This revenge fantasy—missing a hyphen in the title—is mostly exciting, although it suffers from a less than inspired perf from its top-billed star, and has a few too many plot holes. Several scenes are so over-the-top that they are clearly being played for laughs, even if several critics didn’t seem to notice.
Clyde Shelton (Gerard Butler) is a normal family man, at home with his wife and young daughter, awaiting a pizza delivery. When he answers the door, though, he lets in a pair of vicious home invasion robbers, who end up knocking him out and killing his wife and child. All this happens before the opening credits.
Nick Rice (Jamie Foxx) is an ambitious prosecutor, trying to protect his near perfect conviction rate, and thus cuts a deal with one of the perps to testify against the other. Only the audience knows that Rice cut a deal with the wrong guy. Even though this gives one of the offenders a death sentence, the other gets off with third degree murder, and will be out of prison in a few years. Not surprisingly, this does not go over well with Shelton.
We are now placed “ten years later.” The unlucky perp is about to be executed via lethal injection, and this is witnessed by Rice, his assistant, and the somewhat sleazy defense attorney who represented Darby, the lucky perp. When what was supposed to be a painless experience proves to be anything but—much to the horror of those present—and Darby’s body is found in numerous pieces a short while later, the trail leads to Clyde Shelton.
Shelton mocks the judge during his trial (the same one who presided over the home invasion crew), and gets put in jail pronto. However, that does not stop him from killing more people connected with the crime and its inept prosecution.
Shelton is then identified as a clever tech wizard, who specialized in killing people remotely. As the informant tells Rice, “If Clyde wants you dead, you’re dead.” How he is able to handle all this while in prison is revealed toward the end, and may disappoint.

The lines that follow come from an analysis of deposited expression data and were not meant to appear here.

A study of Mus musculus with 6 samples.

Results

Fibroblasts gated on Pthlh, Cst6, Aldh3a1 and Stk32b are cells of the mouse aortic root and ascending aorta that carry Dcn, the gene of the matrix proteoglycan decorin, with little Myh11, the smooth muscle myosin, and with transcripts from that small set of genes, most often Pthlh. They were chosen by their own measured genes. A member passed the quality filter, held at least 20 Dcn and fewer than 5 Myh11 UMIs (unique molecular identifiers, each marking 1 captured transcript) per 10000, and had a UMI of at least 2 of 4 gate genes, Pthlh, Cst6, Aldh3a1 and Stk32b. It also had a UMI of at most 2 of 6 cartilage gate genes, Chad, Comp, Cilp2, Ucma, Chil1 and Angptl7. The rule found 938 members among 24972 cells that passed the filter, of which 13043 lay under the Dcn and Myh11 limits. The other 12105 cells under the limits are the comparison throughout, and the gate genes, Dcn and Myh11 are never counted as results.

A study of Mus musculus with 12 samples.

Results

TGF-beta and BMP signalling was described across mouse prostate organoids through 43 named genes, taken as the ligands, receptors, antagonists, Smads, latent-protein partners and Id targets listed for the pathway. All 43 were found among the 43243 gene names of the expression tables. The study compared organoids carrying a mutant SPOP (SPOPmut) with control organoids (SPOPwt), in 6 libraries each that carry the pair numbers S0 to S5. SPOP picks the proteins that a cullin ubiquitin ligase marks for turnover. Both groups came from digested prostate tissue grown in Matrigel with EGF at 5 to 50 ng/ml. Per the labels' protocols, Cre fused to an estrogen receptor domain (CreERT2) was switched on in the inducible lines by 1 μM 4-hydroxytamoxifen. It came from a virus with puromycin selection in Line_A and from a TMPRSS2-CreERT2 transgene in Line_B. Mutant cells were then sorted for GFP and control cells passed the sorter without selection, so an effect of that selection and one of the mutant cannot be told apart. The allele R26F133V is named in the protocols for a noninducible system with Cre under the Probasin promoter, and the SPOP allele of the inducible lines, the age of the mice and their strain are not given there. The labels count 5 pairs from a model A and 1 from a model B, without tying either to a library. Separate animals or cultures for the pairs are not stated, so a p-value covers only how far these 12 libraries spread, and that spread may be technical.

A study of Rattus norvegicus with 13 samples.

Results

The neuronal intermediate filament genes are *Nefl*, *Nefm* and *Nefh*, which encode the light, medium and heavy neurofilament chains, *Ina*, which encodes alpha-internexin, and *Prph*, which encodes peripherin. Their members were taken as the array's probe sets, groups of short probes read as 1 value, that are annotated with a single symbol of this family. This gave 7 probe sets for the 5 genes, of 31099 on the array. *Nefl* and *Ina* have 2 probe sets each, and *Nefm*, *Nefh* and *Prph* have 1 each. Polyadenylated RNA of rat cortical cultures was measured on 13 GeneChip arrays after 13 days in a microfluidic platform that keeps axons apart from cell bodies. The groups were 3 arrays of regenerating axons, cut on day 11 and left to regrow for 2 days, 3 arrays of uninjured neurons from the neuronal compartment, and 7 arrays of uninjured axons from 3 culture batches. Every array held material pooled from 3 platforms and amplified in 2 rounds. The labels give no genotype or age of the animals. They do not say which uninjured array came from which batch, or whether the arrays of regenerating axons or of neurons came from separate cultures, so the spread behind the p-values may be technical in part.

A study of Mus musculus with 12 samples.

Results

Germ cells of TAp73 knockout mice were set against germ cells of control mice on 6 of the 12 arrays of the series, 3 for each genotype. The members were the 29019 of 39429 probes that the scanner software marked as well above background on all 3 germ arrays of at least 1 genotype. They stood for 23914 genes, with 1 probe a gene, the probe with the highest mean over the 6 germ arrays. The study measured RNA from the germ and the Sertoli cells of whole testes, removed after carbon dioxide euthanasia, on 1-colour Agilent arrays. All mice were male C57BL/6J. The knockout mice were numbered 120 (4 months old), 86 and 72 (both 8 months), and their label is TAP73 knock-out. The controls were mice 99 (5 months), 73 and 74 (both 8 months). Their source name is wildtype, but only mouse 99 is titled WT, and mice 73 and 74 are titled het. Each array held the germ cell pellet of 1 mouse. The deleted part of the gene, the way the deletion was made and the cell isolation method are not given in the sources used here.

In the hands of a better director, writer, and a better Nick Rice, this could have been a far superior film. Still, some themes are presented, and are worthy of further thought…
What does happen to justice, when it is in the hands of ambitious careerists? Many on the government side are all for civil rights until their own ox is gored; then their attitude changes considerably. No doubt, the civil rights theme is why the lead had to be a black prosecutor. Interestingly, Rice is saddled with a shrewish wife, who can’t quite seem to understand that when one is working on a capital murder case, he may not be able to attend his daughter’s cello recital.
Nick’s assistant (Leslie Bibb) wonders aloud whether all the long hours and sacrifices are worth it. The movie would indicate that they are not worth it.
As the body count rises, and fear supposedly grips the city (although everyone killed is connected with the original crime and prosecution), the mayor (Viola Davis) channels Star Trek’s Captain Kirk by making impossible demands and expecting a highly volatile situation to be eliminated, just because she says so. This is cartoon leadership, and is clearly being ridiculed.
While no masterpiece, Law Abiding is faring worse than it should at the hands of the critics, who are taking it all way too seriously, and venting their liberal consciences against such vigilantism and mayhem. I guess they think the system works, except when it convicts one of their favorites, or catches a predator fugitive after many years.